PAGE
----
About the Foundation

The State Historical Society of North Dakota Foundation is a private, non-profit organization supported by membership and donations. The Foundation was formed in 1965 by the state legislature to generate private financial support for the State Historical Society’s projects and programs that cannot be funded by the legislature. Governor William Guy initiated the concept of the Foundation and former Governors Brunsdale and Davis supported the formation of this organization.

Pembina River Plaza

Foundation dollars have contributed to the building of the current North Dakota Heritage Center and Pembina State Museum as well as the other historic sites across the state, in which valuable collections from our state’s history are displayed and securely stored.

The Foundation prints and distributes North Dakota History: Journal of the Northern Plains which is the premier historical research publication of the agency. Currently more than 2,500 members receive these publications annually.

The Foundation has been aggressively building a network of partnerships with business leaders and significant individuals from around the state—History’s Trustees. These donors and partners support the work of the Society and Foundation by being informed community members all across the state. Many have worked with the legislature to encourage funding for major projects and others have worked at local levels to enhance regional historic sites and similar resources. The Foundation is most grateful for the leadership of these individuals. 


The State Historical Society of North Dakota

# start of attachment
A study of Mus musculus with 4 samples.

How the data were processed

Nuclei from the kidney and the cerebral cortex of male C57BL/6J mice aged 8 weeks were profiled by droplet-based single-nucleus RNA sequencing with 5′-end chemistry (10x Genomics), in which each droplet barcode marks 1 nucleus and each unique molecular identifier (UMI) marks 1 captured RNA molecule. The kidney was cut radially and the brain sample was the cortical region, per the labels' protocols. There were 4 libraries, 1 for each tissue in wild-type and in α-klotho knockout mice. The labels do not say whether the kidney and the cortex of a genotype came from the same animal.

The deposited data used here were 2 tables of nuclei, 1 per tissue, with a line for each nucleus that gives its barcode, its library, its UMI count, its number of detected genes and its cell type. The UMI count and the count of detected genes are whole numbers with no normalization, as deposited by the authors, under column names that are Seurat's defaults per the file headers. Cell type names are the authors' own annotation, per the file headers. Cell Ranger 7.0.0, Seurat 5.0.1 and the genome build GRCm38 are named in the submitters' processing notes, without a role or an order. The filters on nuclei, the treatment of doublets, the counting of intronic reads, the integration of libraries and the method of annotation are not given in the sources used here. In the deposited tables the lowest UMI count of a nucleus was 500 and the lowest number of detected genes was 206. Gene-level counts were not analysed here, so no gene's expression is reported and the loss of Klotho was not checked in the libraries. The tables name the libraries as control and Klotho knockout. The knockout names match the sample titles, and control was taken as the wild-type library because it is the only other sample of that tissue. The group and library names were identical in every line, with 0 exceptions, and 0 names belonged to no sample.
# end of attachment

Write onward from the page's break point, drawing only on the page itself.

Mission: To identify, preserve, interpret, and promote the heritage of North Dakota and its people.

The State Historical Society of North Dakota is the state’s history agency. The Society is dedicated to bringing history and people together through its museums, research library, preservation efforts, historic sites, educational programs, archeological digs, publications and web site.



The Society aims to makes history fun and enjoyable. Hundreds of thousands of children, youth and adults annually visit the Society’s museums and historic sites. Hundreds of people write, call or stop at the State Archives and Historical Research Library at the North Dakota Heritage Center every month for assistance in tracking family roots and other valuable information. Thousands of individuals visit the Society web site looking for resources on a monthly basis. Many more take part in educational programs, field tours, museum-theater, live demonstrations, film and lecture series, traveling exhibits and teacher workshops.

The Society’s collections grow with the years. The collection currently houses over a million archaeological items preserved for us in exhibits and research, thousands upon thousands of history, natural history and ethnology artifacts, books, periodicals, maps, photos, manuscripts, records, newspapers, and oral histories, plus clothing, furniture, household items and automobiles--all items that were once used or cherished by you and your parents, grandparents or great-grandparents.


The Historical Sites of North Dakota

The Historical Society oversees 59 Historic Sites across the state of North Dakota. Some sites offer interpreters, visitor centers with exhibits and stores, furnished buildings, picnic areas, and other amenities. Others lie obscurely in pastures without a monument or fencepost to mark their existence. A few sites are currently closed to visitors because of lack of accessibility, concerns about preservation, or out of respect for American Indians who hold these places sacred.

Missouri - Yellowstone Confluence

Notable sites include the Chateau De Mores, the Medora Chimney Park, Double Ditch Indian Village, Former Governors Mansion, Lewis and Clark Interpretive Center, Pembina State Museum, Ronald Reagan Minuteman Missile Site, Stutsman County Courthouse and Welk Homestead.